Hello folks, its been a while but thanks for being there always. Thanks to Pastor Feyi Adesanya for taking charge of the Saturday’s faith series. We equally appreciate all our other esteemed guest writer for their contributions.
As humans, we are wired to complain when things are not going the way we wanted it to be. We complain about this and that, take so many things for granted and carry entitlement mentality with a chip on our shoulder.
Some thing happened recently and I begin to see things in a different light.
The good book says “those the wall of Siloam fell on, they were not the most sinful people in Israel”. Meaning sometimes bad things happen to good people.
Looking at it in our modern day Nigeria, those Chibok girls as they are being called are not the most sinful people in Nigeria! The people blown apart by bombs here and there aren’t the most wicked too.
We complain about bad network when some people don’t even have a phone, complain about ill fitting shoe when some people are footless, we complain about bad school environment when some people will take lectures under the tree with glee, we complain about low paying job and how we are being ill treated when some graduates are happy to do a casual work for just five hundred naira per day to keep body and soul together!
I was walking around whiling away time thinking about the little cash available for my family to spend after removing all the necessary deduction for the month when I come across a family (actually a widow with two children) that was about to be evicted from their one-room apartment for owing six months rent.
As if that was not enough, there was nothing for the family to eat and the living condition in the two thousand naira room apartment drove me to tears.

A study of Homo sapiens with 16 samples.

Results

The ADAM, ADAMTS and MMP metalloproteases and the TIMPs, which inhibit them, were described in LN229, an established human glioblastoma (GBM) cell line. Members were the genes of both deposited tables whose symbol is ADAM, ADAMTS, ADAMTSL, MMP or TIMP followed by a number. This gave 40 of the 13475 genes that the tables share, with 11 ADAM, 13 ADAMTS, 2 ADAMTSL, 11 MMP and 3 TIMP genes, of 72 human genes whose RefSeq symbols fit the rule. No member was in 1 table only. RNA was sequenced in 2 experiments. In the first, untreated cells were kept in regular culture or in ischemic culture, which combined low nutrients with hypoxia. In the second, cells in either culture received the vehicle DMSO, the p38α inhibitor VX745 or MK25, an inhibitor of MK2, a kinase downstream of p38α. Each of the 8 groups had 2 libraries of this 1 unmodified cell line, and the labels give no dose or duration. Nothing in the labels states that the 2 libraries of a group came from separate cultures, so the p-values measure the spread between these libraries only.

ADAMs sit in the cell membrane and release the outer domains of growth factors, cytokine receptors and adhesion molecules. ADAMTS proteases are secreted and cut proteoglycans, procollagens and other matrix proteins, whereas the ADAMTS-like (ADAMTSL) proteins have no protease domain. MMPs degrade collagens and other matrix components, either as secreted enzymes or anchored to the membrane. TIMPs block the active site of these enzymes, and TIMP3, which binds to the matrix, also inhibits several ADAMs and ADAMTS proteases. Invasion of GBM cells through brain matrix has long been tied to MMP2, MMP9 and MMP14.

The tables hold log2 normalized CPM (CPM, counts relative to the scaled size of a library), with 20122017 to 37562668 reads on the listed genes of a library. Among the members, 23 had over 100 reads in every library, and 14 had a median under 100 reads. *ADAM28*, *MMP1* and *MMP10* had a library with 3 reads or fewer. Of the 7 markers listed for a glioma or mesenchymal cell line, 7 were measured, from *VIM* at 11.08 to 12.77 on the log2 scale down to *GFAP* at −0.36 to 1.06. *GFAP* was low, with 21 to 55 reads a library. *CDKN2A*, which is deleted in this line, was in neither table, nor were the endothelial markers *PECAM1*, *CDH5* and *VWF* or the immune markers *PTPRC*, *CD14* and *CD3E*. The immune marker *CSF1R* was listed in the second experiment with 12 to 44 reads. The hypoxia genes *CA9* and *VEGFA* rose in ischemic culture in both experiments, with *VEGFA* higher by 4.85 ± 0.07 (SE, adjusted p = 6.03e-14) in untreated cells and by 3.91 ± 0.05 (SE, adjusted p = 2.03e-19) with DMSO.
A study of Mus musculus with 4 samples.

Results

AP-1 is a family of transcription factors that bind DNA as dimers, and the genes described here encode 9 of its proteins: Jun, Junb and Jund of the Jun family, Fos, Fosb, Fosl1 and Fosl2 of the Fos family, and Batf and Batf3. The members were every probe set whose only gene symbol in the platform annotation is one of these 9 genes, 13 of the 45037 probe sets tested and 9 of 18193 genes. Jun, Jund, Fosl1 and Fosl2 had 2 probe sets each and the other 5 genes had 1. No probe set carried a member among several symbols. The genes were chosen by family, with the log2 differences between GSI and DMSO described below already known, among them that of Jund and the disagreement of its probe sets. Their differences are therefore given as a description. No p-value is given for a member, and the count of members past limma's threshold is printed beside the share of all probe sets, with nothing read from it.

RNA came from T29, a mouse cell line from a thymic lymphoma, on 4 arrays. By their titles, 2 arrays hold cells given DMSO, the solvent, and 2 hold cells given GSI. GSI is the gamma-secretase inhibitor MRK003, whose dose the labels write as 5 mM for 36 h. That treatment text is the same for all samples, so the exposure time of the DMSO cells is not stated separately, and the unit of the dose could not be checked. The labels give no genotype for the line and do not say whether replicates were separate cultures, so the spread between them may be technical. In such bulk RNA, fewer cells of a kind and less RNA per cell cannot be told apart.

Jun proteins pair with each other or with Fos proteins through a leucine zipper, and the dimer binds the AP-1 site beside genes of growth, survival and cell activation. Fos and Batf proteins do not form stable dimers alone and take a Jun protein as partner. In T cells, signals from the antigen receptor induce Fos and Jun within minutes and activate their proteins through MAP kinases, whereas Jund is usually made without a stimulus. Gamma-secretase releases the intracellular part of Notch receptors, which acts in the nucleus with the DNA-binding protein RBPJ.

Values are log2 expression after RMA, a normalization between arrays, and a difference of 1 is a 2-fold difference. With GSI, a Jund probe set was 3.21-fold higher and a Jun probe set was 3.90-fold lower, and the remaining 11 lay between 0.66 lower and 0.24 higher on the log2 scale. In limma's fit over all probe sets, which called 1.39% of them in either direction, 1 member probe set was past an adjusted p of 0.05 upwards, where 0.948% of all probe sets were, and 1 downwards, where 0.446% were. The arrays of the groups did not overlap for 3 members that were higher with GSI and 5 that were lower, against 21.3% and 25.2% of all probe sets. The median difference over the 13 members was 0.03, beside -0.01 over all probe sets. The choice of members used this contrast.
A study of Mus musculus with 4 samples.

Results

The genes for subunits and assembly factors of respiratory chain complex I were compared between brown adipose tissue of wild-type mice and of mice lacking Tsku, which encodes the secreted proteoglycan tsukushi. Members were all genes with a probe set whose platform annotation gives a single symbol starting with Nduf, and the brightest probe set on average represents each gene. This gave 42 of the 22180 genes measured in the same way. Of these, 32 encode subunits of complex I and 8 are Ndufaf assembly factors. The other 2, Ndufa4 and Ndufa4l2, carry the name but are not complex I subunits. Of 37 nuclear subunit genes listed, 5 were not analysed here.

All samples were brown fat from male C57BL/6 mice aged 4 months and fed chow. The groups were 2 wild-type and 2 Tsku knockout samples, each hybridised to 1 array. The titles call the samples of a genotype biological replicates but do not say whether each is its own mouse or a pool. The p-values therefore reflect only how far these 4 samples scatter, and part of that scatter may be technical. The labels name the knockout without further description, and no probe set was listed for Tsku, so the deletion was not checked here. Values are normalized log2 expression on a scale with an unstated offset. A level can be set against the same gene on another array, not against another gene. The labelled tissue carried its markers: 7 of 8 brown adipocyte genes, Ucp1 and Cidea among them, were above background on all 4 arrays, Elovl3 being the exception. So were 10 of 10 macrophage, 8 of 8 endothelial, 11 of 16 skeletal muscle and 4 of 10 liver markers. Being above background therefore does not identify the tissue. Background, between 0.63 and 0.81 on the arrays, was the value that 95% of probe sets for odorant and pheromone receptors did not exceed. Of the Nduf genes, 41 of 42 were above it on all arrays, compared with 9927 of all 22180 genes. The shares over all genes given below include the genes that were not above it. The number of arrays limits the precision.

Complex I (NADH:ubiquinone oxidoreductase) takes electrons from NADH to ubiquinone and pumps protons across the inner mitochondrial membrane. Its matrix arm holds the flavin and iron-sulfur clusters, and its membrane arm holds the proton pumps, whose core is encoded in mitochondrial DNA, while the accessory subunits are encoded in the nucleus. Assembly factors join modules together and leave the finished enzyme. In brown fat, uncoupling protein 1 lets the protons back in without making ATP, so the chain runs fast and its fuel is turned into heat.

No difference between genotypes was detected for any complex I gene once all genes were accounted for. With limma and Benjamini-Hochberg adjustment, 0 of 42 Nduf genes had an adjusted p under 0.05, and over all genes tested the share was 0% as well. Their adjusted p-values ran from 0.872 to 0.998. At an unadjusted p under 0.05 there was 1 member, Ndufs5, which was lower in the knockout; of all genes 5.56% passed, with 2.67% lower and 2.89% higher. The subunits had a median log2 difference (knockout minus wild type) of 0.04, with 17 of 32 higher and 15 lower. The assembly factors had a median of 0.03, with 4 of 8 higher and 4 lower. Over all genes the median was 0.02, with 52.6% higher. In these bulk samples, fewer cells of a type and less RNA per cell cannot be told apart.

I was disturbed and walked out of the area feeling helpless even after doing my best to improve their condition. I began to see more reason to be grateful after my face-to-face encounter with stark poverty.
I crossed the road with a heavy heart and immediately I was met with a mad woman who sat down with an opened note book. She was busy writing what I could not decipher but from the little I saw, her handwriting is the type that would make one to favourably consider the owner for whatever is needed-job, marks or …
I looked and was surprised at her seriousness and the beauty of her writing. It struck me that she would likely to be a graduate or at least lettered to a reasonable extent.
I am not better than those people bombed to thy kingdom come; I am not better than that widowed woman; nothing makes me better than the female lunatic nor are my children better than the Chibok girls or any of the kidnapped or killed children in the north.
It is just God that has kept and is keeping me. I therefore have a million and one reasons to be grateful.
Friends, I am sure if you also think of what you have and what you don’t, and put them all into perspective, you will have at least one reason to be grateful. Won’t you?